New Woodstock This Saturday, Feb. 1, the Open Door Baptist Church in New Woodstock will hold its 29th annual dinner and presentations for local outdoor enthusiasts. The event, which typically draws about 300 people, will be the same as it has every year with the exception of dinner: the previous homemade dishes made from wild game brought by attendees will not be allowed, and instead a pulled park barbecue will be served.
Open Door Pastor David DeLeon said this year’s slight change should not deter any people interested in attending, since the usual displays of trophies, firearms, fishing tackle and trapping supplies will be on there, and there will be flytying demonstrations and seminars, an antler scoring booth, door prizes and an evening presentation on deer and turkey hunting tips.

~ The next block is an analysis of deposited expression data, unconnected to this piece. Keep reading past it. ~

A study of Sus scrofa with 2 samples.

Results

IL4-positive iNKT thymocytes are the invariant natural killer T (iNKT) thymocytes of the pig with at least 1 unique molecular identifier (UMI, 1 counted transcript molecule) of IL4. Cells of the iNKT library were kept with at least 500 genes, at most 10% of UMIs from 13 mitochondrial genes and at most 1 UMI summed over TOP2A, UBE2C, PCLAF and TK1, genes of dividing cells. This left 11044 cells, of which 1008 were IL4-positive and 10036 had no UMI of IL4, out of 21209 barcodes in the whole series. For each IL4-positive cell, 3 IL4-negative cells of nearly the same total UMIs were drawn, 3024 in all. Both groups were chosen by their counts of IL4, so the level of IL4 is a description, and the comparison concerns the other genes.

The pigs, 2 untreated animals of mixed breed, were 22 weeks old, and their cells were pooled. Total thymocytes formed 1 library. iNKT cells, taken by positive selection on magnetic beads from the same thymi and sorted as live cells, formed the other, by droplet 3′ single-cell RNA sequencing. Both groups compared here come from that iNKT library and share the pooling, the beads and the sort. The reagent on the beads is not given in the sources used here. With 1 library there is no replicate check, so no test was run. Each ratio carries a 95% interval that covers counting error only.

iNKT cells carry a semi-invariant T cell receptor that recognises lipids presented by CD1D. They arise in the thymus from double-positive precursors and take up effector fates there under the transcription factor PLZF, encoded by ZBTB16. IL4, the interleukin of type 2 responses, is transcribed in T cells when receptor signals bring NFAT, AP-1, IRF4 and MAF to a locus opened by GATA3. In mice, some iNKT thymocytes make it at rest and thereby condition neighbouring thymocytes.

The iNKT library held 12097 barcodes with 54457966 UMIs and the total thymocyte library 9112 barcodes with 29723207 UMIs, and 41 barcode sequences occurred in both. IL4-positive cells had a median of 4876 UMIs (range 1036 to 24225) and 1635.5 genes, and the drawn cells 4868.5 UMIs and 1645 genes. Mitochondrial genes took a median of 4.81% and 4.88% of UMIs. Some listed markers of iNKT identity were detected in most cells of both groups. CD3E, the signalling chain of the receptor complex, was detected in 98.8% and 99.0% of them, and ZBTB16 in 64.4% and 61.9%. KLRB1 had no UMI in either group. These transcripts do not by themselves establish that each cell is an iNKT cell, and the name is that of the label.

“We certainly encourage people to come even if there is no wild game dish to pass — we don’t think they’ll be disappointed,” DeLeon said. And the pulled pork dinner, which will be prepared on-site by a church member who is also a chef, is “gonna be real good.”
The annual “Sportsmen’s Dinner” — formerly called the “Wild Game Dinner” — has been a free event for nearly 30 years for hunters and non-hunters, Open Door Church members and non-members, who enjoy the outdoors, the fellowship and camaraderie of sharing their passion and also have a love of the Christian gospel in their lives.
“This is a sportsmen’s community … it’s a real draw,” DeLeon said. “The purpose of this is to reach out to sportsmen and women in the name of Jesus Christ.”
The locally known event gained regional notoriety last year when the Madison County Department of Health showed up about 15 minutes into the event and said serving homemade wild game dishes without a permit violated the county health code. They said all the food had to be taken out of the building and put back in everyone’s vehicles in order to avoid prosecution for a public health hazard.